Updated: January 03, 2012, 16:07


FILE - In this Oct. 15, 2011 file photo, Manchester United's Patrice Evra argues with Liverpool's Luis Suarez, left, during their English Premier League soccer match at Anfield, Liverpool, England.  Liverpool striker Luis Suarez called Manchester United's Patrice Evra a

LONDON(AP) Liverpool will not appeal against Luis Suarez's eight-match ban for repeatedly racially abusing an opponent during a match, even though the striker again defended his actions and the club renewed its criticism of the English Football Association's disciplinary panel on Tuesday.

By accepting the punishment despite not accepting culpability, Suarez is not scheduled to be eligible again until the Feb. 11 match against Manchester United, whose defender, Patrice Evra, was the target of the striker's insults.

"I will comply with the sanction, but with the acquiescence of someone who has not done anything and who feels extremely upset about what has transpired,'' Suarez said on his Twitter account.

The Uruguay international will also have to pay a 40,000 pound ($62,000)-fine for calling Evra "negro'' or "negros'' seven times in October during a 1-1 draw at Anfield.

"I've never - ever - had a single racial problem with any team mate, player, or person with a skin color or race different from my own. Never,'' Suarez said. "As a result, I am very upset about what has been said about me in recent weeks, all of which have been very far from the truth. This is further compounded by the helplessness I feel for not having done anything yet being accused of something I did not nor would ever do.''

Despite a public outcry, Liverpool continues to back the player who was signed from Ajax a year ago for around $35 million.

"The (Football Association) panel has damaged the reputation of one of the Premier League's best players, deciding he should be punished and banned for perhaps a quarter of a season,'' Liverpool said in a statement.

The 18-time English champions rebuked the independent FA panel, which was headed by a lawyer, for branding Suarez's evidence unreliable.

"Mr. Evra was deemed to be credible in spite of admitting that he himself used insulting and threatening words towards Luis and that his initial charge as to the word used was somehow a mistake,'' Liverpool said. "The facts in this case were that an accusation was made, a rebuttal was given and there was video of the match. The remaining facts came from testimony of people who did not corroborate any accusation made by Mr. Evra.''

Suarez's claim that the racial slur used in the match was lost in translation was rejected by the FA in its 115-page report that was released on Saturday.

"In my country, the Spanish word for 'black' is a term commonly used and does not symbolize any disrespect, let alone racism,'' Suarez said on Tuesday. "Everything that has been said beyond that is completely and utterly false.''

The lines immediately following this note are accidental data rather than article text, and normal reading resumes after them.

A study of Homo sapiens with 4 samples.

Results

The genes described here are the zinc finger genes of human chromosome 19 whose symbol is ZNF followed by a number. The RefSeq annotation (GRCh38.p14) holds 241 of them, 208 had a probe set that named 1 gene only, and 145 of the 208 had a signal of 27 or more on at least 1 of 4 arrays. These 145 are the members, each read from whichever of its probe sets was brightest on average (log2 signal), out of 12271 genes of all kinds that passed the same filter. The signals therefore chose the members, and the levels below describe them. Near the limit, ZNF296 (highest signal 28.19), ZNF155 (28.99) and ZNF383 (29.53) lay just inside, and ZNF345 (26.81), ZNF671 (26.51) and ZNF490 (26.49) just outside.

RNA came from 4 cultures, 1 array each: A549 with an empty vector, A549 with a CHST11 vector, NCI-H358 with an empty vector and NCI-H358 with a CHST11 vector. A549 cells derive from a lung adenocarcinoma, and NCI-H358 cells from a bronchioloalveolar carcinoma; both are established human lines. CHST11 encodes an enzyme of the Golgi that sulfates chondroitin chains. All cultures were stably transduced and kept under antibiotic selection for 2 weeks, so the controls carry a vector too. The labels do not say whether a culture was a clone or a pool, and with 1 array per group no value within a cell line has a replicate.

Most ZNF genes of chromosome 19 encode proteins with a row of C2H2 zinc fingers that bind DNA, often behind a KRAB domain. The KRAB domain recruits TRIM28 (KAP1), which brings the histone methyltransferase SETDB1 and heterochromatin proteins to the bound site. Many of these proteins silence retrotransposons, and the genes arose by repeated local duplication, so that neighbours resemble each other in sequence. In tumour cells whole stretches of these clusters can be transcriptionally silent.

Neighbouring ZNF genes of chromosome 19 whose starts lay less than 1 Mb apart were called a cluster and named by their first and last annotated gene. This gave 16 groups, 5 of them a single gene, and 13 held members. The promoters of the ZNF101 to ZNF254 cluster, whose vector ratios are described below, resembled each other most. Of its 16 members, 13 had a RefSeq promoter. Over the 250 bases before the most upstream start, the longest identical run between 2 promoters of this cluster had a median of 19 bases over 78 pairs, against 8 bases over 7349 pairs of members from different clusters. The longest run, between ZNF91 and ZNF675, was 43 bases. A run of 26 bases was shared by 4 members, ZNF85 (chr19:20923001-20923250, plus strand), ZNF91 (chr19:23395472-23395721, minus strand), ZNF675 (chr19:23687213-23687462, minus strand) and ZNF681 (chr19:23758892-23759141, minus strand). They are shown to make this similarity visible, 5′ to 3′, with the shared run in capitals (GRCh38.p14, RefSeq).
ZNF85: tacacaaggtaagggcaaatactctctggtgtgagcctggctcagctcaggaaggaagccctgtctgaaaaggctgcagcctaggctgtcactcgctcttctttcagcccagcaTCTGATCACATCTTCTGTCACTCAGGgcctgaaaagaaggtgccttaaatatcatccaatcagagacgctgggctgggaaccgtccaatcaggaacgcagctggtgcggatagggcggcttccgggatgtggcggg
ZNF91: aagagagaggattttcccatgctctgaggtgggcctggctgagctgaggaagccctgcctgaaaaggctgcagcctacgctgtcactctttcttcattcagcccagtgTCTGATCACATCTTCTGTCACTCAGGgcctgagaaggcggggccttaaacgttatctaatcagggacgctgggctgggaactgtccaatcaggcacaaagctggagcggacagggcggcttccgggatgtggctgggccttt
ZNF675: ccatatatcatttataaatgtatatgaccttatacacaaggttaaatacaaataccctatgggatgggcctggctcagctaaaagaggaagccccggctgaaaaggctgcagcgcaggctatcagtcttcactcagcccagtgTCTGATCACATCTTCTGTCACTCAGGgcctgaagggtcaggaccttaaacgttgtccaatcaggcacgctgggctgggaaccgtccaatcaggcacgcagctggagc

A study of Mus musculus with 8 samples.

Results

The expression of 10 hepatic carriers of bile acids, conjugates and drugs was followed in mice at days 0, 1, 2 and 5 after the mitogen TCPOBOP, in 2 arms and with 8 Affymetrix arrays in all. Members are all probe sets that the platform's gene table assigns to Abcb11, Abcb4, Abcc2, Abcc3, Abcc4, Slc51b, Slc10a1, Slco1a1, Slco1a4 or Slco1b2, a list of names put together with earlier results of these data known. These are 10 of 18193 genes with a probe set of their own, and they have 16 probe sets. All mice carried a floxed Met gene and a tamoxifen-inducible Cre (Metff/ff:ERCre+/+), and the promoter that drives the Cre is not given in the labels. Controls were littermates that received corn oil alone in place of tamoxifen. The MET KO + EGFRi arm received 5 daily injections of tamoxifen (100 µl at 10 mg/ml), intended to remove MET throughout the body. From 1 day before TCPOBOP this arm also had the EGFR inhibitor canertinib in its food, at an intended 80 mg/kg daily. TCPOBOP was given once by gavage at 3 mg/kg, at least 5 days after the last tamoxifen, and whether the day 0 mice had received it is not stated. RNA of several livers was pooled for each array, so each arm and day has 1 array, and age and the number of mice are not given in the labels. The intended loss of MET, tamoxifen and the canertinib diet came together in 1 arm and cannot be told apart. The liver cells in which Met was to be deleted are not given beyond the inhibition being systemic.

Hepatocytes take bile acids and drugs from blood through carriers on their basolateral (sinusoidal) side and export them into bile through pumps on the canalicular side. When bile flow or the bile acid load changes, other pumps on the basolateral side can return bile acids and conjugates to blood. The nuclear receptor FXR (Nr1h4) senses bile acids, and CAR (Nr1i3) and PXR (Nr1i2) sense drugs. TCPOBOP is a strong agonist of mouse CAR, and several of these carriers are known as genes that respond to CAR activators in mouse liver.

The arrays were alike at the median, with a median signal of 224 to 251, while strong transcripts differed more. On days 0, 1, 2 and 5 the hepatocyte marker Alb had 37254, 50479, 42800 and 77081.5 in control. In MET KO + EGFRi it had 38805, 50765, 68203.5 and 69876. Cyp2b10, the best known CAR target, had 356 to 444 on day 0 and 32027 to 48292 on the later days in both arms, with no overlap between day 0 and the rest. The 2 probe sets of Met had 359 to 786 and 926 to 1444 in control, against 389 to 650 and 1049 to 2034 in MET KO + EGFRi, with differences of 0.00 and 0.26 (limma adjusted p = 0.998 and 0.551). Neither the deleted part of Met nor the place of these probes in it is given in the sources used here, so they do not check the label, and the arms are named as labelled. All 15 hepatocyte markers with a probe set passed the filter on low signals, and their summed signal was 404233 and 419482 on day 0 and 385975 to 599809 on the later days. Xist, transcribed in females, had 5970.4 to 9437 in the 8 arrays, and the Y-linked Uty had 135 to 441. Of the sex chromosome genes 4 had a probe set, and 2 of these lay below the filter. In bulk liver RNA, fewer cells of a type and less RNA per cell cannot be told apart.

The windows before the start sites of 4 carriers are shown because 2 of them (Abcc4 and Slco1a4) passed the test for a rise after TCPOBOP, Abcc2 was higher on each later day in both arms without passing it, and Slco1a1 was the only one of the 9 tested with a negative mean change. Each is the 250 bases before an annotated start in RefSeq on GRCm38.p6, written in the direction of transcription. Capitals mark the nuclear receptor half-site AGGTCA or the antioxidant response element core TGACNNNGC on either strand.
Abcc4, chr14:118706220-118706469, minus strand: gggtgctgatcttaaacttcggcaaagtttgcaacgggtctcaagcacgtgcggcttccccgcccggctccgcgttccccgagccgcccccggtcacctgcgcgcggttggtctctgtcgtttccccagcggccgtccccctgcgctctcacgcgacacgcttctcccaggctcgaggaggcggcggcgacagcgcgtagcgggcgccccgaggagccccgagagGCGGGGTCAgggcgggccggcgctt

In justifying the severity of the sentence, the commission said there was likely to be a "corrosive effect on young football fans'' if players were seen racially abusing opponents.

While insisting that Suarez did not "engage in a racist act,'' Liverpool said it needed to move on from the episode.

"Continuing a fight for justice in this particular case beyond today would only obscure the fact that the club wholeheartedly supports the efforts ... to put an end to any form of racism in English football,'' Liverpool said. "It is time to put the Luis Suarez matter to rest and for all of us, going forward, to work together to stamp out racism in every form both inside and outside the sport.''

Liverpool also suggested United launched the disciplinary action because it is a fierce rival of the Premier League champions.

"This case has ... provided a template in which a club's rival can bring about a significant ban for a top player without anything beyond an accusation,'' Liverpool said.

Liverpool, which is owned by Boston Red Sox tycoon John Henry, insists that it has "been a leader in taking a progressive stance on issues of race and inclusion'' as part of an inclusive English game.

"In far too many countries, the issues of racism and discrimination have been covered over or ignored,'' Liverpool said.

The footballers' union in England said Liverpool's decision not to appeal "shows good judgment.''

"We hope they can now move on and ensure that all their employees understand the issues involved and we look forward to them playing an important role in our campaign against discrimination,'' Professional Footballers' Association chief executive Gordon Taylor said.